I see what you've done, there, twiiter.com: Tweet troops tackle tech twin

Twitter's got 140 characters but one of yours is wrong

Twitter wants the domain 'twiiter.com' and has gone to the World Intellectual Property Organization (WIPO) to seize it.

The Facebook-for-showoffs has filed a UDRP complaint for the misspelled domain, and been given case number 1607451. The real surprise is why it has taken the San Francisco upstart so long.

Twiiter.com was registered in March 2007 – about eight months after Twitter was launched, and around the time when it was starting to become popular.

Since that time 'twiiter.com' has moved name servers at least 10 times and taken in a huge amount of traffic.

Based on screengrabs, it look as though the people behind Twiiter.com are the same as those behind the misspelled 'twittter.com', which used colors very similar to Twitter and gathered personal information in an online survey by offering free gifts. Classy.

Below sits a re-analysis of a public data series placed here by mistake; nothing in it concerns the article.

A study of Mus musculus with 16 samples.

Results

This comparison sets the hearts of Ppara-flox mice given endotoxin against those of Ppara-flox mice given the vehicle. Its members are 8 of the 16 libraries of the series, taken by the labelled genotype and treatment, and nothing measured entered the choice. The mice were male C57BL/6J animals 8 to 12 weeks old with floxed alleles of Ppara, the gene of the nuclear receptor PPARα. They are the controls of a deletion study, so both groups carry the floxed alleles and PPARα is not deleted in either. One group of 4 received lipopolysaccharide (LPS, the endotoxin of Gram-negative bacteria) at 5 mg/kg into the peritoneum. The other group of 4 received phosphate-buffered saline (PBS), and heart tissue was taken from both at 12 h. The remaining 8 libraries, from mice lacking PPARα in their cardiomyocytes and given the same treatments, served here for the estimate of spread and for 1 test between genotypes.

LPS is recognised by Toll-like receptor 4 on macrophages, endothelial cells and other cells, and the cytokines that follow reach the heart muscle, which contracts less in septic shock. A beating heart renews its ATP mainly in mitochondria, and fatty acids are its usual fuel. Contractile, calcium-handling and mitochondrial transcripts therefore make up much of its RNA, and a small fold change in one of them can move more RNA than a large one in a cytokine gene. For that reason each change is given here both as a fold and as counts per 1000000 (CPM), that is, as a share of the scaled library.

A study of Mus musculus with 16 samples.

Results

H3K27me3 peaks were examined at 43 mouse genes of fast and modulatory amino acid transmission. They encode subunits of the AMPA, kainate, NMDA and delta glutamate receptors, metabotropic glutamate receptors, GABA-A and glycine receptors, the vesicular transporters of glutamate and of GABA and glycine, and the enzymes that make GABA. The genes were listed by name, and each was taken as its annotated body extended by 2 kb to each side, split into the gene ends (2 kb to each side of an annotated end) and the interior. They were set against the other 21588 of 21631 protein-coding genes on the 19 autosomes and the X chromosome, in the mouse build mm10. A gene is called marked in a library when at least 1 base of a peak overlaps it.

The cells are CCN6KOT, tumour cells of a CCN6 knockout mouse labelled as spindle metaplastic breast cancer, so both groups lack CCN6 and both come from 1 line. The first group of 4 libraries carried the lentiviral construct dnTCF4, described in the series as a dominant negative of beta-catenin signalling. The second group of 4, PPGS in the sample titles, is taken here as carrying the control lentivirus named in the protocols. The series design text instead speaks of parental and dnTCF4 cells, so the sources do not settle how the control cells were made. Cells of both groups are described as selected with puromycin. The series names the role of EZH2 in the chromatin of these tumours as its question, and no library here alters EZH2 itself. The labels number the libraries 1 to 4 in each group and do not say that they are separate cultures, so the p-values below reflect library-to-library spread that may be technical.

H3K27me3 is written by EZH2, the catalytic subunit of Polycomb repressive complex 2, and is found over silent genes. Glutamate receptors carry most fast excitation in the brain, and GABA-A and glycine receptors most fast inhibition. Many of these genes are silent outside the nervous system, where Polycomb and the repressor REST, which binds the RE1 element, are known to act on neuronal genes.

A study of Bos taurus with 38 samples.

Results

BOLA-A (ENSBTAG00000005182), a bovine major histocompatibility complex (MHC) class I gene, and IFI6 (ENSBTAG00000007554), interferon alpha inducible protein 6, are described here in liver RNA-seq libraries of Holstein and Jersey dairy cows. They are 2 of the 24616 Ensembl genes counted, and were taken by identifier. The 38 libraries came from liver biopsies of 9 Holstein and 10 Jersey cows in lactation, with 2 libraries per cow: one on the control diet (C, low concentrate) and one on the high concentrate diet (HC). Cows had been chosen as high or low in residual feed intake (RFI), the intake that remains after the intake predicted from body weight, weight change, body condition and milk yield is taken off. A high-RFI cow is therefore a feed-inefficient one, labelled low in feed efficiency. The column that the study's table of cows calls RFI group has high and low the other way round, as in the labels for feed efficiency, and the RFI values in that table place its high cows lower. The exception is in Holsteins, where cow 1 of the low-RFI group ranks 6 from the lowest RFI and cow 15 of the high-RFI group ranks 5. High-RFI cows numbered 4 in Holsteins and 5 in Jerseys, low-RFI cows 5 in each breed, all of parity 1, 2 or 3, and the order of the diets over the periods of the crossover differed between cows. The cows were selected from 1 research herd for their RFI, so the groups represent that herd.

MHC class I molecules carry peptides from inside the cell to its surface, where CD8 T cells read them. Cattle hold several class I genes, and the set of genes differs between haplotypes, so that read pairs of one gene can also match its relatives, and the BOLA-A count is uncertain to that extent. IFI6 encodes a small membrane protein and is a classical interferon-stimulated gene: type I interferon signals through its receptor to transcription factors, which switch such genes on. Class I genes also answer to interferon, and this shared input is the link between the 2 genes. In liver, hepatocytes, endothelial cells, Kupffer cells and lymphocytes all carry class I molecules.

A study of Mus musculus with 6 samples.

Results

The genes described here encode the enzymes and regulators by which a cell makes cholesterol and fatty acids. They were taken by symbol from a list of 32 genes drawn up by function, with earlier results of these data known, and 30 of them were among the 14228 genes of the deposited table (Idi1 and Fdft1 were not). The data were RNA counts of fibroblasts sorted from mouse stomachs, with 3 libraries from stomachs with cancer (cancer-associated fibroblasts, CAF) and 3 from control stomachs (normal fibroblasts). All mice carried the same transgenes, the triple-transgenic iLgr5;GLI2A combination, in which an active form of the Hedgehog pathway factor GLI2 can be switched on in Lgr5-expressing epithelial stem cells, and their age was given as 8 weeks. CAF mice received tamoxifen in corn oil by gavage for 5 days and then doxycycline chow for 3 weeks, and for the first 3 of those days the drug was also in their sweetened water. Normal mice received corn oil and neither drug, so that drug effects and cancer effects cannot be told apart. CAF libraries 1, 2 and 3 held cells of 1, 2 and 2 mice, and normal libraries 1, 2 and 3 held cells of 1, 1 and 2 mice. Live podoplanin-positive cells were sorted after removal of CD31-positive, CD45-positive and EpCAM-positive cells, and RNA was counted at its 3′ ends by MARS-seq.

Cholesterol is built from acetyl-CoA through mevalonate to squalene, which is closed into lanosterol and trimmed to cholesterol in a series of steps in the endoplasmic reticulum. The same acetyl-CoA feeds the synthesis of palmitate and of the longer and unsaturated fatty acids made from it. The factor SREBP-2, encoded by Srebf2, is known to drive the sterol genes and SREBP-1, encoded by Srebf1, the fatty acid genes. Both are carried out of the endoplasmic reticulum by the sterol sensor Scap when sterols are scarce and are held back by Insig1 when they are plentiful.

Twitter took 'twittter.com' to WIPO in 2011 having sent a number of cease-and-desist letters that were ignored. It won the domain in 2012.

That's not all. At around the same time it also went for the domain 'twittr.com', which it won. In 2013, it went after 'twitter.org', which it won.

And then last year, it went for 'twtter.com', which it won, even extending to foreign languages when it applied for a UDRP ruling over 'twıtter.com' - which is the word 'twitter' but with the 'i' replaced with a Turkish character that looks like a dotless 'i'.

So why wait until now to go for 'twiiter.com'? We have asked the company. If and when they get back, we'll let you know. ®

Hat tip to The Domains for noticing the latest in this very slow campaign.